Lemaire double breasted jacket in navy blue wool cashmere blend. photographed by Kim Weston Arnold for Vogue
Navy Blue Wool Double Breasted Shawl Collar Blazer. Lemaire, 2014. Photo: Kim Weston Arnold /, Vogue

A Lemaire design motif that I love is that perfectly-sized and placed phone pocket that shows up occasionally on coats, jackets, and blazers. It usually falls midway on the torso, on the left sides of garments.

La Vie Lemaire

Aside from Margaret Howell, Lemaire might be the only other contemporary fashion brand I can't resist. There's a fluidity and movement in their designs that errs on the side of Eileen Fisher but with an emotional chiaroscuro I can't exactly place.

The brand was founded by Christophe Lemaire and his partner, Sarah-Linh Tran. Lemaire formerly designed for Lacoste and Hermès, venerable French fashion brands coveted by the bon chic bon genre set.

Of his time at Hermès, he said, "I want… fashion that accompanies the personality,” says Lemaire. “Allowing freedom of movement and gesture, [the] clothes [should] allow a woman to be herself.”

A Visual Language

Though Christophe Lemaire established his eponymous brand in 1992, it didn't fully grow into its own 'presence' until around the mid-2000's. His namesake label evolved further when Sarah-Linh Tran brought an indelible soignée to the details of the womenswear and accessories.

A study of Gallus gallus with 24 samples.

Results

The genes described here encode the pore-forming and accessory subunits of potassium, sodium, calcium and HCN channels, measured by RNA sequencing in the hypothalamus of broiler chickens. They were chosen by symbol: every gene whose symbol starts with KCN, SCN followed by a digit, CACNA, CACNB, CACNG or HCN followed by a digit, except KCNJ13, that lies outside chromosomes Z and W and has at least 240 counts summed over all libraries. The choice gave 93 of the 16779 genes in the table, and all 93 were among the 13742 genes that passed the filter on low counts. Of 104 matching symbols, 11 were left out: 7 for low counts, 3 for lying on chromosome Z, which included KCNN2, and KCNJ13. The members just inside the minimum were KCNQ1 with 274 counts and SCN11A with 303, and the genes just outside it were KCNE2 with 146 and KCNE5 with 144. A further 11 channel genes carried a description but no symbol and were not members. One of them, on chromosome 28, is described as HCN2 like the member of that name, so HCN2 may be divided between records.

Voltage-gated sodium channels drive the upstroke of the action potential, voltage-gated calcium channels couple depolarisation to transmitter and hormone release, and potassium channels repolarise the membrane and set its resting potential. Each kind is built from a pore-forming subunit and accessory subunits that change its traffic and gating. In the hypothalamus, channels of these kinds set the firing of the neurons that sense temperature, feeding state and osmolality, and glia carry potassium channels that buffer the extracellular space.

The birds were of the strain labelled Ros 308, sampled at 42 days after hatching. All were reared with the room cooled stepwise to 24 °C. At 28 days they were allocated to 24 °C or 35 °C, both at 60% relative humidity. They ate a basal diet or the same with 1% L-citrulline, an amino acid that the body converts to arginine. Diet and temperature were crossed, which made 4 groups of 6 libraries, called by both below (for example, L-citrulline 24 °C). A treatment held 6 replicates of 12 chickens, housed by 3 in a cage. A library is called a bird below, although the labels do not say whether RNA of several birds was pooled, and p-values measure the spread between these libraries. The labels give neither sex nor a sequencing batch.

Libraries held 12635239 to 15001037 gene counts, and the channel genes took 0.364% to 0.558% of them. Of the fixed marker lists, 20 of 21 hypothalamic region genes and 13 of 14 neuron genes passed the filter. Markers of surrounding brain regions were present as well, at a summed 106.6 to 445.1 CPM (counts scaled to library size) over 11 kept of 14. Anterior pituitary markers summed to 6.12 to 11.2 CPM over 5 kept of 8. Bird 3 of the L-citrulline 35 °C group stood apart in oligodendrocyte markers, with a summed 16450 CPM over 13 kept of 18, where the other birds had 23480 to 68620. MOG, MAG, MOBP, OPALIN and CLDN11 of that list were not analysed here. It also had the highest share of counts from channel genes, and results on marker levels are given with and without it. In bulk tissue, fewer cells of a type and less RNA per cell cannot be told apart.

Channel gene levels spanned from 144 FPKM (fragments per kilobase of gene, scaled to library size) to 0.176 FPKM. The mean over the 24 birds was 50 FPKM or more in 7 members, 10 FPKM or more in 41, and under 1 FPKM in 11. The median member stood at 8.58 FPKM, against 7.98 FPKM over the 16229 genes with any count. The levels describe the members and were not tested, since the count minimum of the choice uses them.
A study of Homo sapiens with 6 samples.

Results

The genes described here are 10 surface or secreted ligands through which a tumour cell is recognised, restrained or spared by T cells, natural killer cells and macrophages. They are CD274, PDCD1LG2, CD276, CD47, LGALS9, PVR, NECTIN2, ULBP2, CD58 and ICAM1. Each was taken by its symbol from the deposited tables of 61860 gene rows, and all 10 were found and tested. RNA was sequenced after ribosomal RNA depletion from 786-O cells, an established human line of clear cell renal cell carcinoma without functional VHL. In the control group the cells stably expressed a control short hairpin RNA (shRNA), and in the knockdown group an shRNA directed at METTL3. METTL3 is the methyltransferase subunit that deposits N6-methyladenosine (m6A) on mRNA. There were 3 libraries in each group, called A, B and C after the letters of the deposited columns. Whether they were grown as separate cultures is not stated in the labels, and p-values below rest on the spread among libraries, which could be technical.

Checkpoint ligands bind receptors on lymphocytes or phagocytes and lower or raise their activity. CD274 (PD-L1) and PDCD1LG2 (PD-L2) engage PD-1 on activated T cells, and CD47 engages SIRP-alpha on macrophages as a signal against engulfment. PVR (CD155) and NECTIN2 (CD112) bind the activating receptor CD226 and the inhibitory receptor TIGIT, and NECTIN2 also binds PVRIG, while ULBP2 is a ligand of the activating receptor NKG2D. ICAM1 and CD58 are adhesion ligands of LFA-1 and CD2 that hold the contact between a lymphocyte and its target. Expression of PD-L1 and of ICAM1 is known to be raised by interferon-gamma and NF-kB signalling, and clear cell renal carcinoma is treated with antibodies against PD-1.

Other labels boldly eject the idea of "gender" from their presentations (as they should,) But Lemaire presents its garments with a certain ambivalence and subtle rejection toward traditional gender norms. This played out with Sarah Linh-Tran dressing a female model in an unaltered men’s outfit in the brand's Fall/Winter 2018 show. Given the brand’s balance of elements: structure and fluidity, male and female, it wasn’t even obvious which specific look this was.


I saw the above-pictured blazer on The Real Real five years ago. It became a constant in my life. The thing that lived on me and periodically, was draped over the back of my chair when I still worked in Conshohocken. It's one of those things that I find myself wearing while doing city-wides at a bar and then to breakfast the following day. At first I thought it was because it feels not unlike a sweater.

Then, I realized it was the pockets. There are six different pockets on it. Two in the front, two larger ones within it, a small ticket pocket on the left interior panel layered on top of its larger companion. Last is the one I use most frequently. Its width generally measures (X) inches and the sheer over-the-chest motion to drop a phone into it feels instinctual.